YouTube content creator Stacksmashing has demonstrated how and what it takes to mine Bitcoin and other proof of work digital assets through a 30-year old gaming tool Game Boy. According to him, he opted to use gaming hardware to replace modern graphics cards due to available concerns.
As Bitcoin and digital assets mining become a profitable and lucrative business venture especially during the pandemic, modern mining tools are running out of stock. Moreover, the huge influx of institutional investors into the crypto mining industry has made the business very competitive.
The Bitcoin industry has grown exponentially over the last year fueled by the coronavirus crisis. Holding Bitcoin in place of fiat has become increasingly popular among institutional investors led by Tesla Inc (NASDAQ: TSLA) and MicroStrategy Inc (NASDAQ: MSTR).
The Bitcoin mining industry consumes a huge amount of electricity, which makes the investment unpopular among most investors. Geographical places with low temperatures like some parts of China and also Russia that have affordable electricity have housed most of the Bitcoin mining rigs.
With the increased competition and difficulty in mining Bitcoin, the most popular hardware used is called ASICs. Bitcoin mining difficulty according to Bitcoinblockhalf stands at 21,865,558,044,611, with the hash rate at 168.29 Exahashes/s. The asset was trading around $57,101.64 at the time of reporting, having jumped approximately 1.6% in the past 24 hours.
Bitcoin Mining with Game Boy
As Stacksmashing explained in his YouTube video, Bitcoin mining through the Game Boy hardware requires some extra modifications. First, Sine Game Boy does not access the internet, Stacksmashing explained how in order to access a Bitcoin block.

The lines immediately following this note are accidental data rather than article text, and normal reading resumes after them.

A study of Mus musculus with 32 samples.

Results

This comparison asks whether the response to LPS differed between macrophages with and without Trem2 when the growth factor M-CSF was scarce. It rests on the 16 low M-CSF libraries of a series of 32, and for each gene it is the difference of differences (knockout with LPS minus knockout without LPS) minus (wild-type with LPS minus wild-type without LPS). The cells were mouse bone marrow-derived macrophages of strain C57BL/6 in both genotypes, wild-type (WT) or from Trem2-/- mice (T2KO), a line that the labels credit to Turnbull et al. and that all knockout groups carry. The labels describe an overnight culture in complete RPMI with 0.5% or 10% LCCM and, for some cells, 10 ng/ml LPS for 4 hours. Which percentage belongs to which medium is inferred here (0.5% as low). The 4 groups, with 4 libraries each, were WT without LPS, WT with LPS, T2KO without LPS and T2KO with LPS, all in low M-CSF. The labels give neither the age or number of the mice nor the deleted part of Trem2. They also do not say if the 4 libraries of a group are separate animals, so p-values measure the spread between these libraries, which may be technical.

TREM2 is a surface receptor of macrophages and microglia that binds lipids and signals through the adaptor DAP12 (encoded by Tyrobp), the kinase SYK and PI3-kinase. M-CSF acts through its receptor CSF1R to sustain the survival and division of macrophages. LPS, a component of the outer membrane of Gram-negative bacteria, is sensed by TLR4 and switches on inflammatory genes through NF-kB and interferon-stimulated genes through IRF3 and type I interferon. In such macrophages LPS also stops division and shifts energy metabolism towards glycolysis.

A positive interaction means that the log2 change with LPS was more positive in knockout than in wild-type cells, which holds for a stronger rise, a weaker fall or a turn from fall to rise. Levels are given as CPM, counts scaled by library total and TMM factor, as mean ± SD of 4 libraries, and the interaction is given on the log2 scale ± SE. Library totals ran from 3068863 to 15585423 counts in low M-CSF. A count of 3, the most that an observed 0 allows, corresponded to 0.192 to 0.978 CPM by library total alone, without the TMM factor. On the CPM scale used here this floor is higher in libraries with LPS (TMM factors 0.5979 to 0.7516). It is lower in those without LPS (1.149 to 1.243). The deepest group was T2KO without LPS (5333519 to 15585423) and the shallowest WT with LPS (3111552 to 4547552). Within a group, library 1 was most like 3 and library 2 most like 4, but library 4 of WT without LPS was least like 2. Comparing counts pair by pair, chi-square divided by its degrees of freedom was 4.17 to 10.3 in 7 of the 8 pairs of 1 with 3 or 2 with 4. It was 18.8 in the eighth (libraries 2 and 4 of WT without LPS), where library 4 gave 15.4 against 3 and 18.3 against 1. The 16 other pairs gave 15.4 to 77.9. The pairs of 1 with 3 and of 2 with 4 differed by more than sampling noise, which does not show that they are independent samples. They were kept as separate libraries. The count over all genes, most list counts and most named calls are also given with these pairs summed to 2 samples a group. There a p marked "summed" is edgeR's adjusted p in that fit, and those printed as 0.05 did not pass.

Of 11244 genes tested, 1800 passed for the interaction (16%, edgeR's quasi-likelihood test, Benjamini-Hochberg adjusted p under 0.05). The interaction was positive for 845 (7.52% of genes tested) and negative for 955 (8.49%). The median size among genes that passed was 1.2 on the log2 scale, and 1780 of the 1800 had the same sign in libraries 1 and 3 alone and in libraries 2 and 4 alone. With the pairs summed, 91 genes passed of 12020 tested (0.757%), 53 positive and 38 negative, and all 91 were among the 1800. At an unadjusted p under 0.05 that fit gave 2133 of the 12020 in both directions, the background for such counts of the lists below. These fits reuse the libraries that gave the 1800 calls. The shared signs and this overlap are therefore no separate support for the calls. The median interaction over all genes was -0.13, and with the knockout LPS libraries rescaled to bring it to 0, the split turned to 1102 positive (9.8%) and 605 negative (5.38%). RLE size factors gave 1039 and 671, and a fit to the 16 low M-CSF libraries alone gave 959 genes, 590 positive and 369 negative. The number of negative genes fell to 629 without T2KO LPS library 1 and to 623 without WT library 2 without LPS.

“We also need it to announce our block in case we manage to mine one, but the Game Boy doesn’t have Wi-Fi or anything, so how can we get it to communicate with the Bitcoin node? Luckily the Game Boy has a link port, which is normally used to perform Pokémon trading and other highly important things, but for mining, we can use it to communicate with a computer,” he noted.
After successfully connecting the Game Boy gaming hardware with the internet, Stacksmashing then used third-party and open-source software to mine Bitcoin. Notably, the hash rate result for the Game Boy was approximately 0.8 hashes per second. However, it is slow compared to modern miners, whereby Antminer S19 Pro records a hash rate of 110.0 TH/s while WhatsMiner M30S++ records hashes of 112.0 TH/s.
“If you compare that to a modern ASIC [application-specific integrated circuit] miner, which comes in at around 100 tera hashes per second, you can see that we are almost as fast, only off by a factor of roughly 125 trillion. At this rate, it should only take us a couple of quadrillion years to mine a bitcoin,” he noted.